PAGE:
Dear Gazza, I think the name change is great. Yours, Dom (aka Jazz Black)


The night drew in and I burrowed ever deeper into my sofa, flicking through the 456 TV channels available to me in deepest, darkest Gloucestershire.

The night drew in and I burrowed ever deeper into my sofa, flicking through the 456 TV channels available to me in deepest, darkest Gloucestershire. There was nothing to watch. I was starting to despair. I remember when Americans used to tease us Brits: "Don't you guys only have, like, three channels or something? Dude, we've got more than that telling us what's on our television."

When this happened, more often than I care to remember, the old red mist would descend. As I'd watch the cocky Yankee pulling himself off the floor and start to look for his teeth I would realise that I was severely jealous. No longer. Now I long for those halcyon days when we only had three channels and something decent to watch on them. I finally alighted on a programme that announced that, if I promised to continue watching, Gazza would tell us what his new, improved, post-therapy name was going to be.

I did stay watching but only because my channel-flicking finger was suffering from repetitive-strain-syndrome. The great moment duly came and Gazza proclaimed to an audience of demented, drunken students that his new name was to be ... (drumroll) ... G8. This was because, and I quote: "It sounds a bit like great." Top telly! As someone who has changed his name a couple of times, I wish him all the best and hope that this new moniker will do him some good. Somehow I doubt it, but who knows?

I'm currently touring the country trying to plug my spoof autobiography to a fan base that instinctively regards books with deep suspicion. One of the chapters deals with an unfortunate episode in my life when I changed my name while the lead singer of my very own Goth band, The Big Black Dead. As you can imagine, we were a cheerful bunch. If I down a couple of Purple Nasties I can still remember

how to play two of my favourite numbers,

"Cold Hard Slab" and "All is Grey".

At the height of our fame (about one column inch) I decided to change my name to Jazz Black for a while because I thought it might give me the hidden depths and solemnity which were sadly lacking from my adventures in Goth. Needless to say, it didn't. Following an unfortunate misunderstanding with an Iraqi barber, I became the world's only ginger Goth for several months and changed my name again to Agent Orange. These were desperate days.

Seven years later, having reverted to my real name and relinquished membership of the Gothic Universe, I did it again. This time I did it by deed poll which made it all a bit more official. Back in 1997, I was the leader of a powerful political fringe party known as The Teddy Bear Alliance. My party espoused such important policies as a single European honey and getting Pooh Bear a knighthood. We decided to stand against Alan Clark in Kensington & Chelsea at the general election. For this purpose I legally changed my name to Edward (Teddy) Bear. I came fifth with a fairly impressive tally of about 900 votes. Unfortunately, power is an elusive mistress and internal squabbles in our party meant that we were never again to be such a potent force. I can't actually remember if I ever bothered to get my name changed back so I have probably legally disinherited my children, but that's the greasy pole for you.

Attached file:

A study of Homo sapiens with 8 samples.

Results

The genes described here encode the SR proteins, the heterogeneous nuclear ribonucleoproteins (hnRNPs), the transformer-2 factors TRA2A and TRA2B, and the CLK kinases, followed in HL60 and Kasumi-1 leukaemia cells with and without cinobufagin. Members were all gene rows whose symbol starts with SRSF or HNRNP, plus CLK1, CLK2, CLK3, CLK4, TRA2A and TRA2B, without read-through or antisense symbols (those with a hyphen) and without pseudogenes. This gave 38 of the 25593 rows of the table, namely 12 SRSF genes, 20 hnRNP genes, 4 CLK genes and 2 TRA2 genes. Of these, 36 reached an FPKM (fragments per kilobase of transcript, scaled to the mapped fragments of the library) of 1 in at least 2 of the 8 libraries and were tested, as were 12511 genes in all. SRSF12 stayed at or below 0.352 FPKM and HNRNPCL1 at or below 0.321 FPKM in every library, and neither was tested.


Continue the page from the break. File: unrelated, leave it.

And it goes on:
There is an apocryphal story about Kelvin MacKenzie, when he was running Live TV. They had a big costumed rabbit

called News Bunny, who would sit behind

the newsreader on the channel and give a thumbs-up or down to the news stories. The bunny was made to stand for a by-election and the unfortunate researcher who wore the costume had to change his name to said bunny so that this would be the name read out on the telly. However, during the hurly-burly of the campaign, News Bunny was arrested for obstruction and, because of the police case against him, was not allowed to change his name back for quite some time. He was not best pleased.

Everyone assumes that, as I'm a comedian, my surname is some stage name that I came up with. I'd love to think that if I did have to choose one I'd do a little better than that. Unfortunately history tells us otherwise.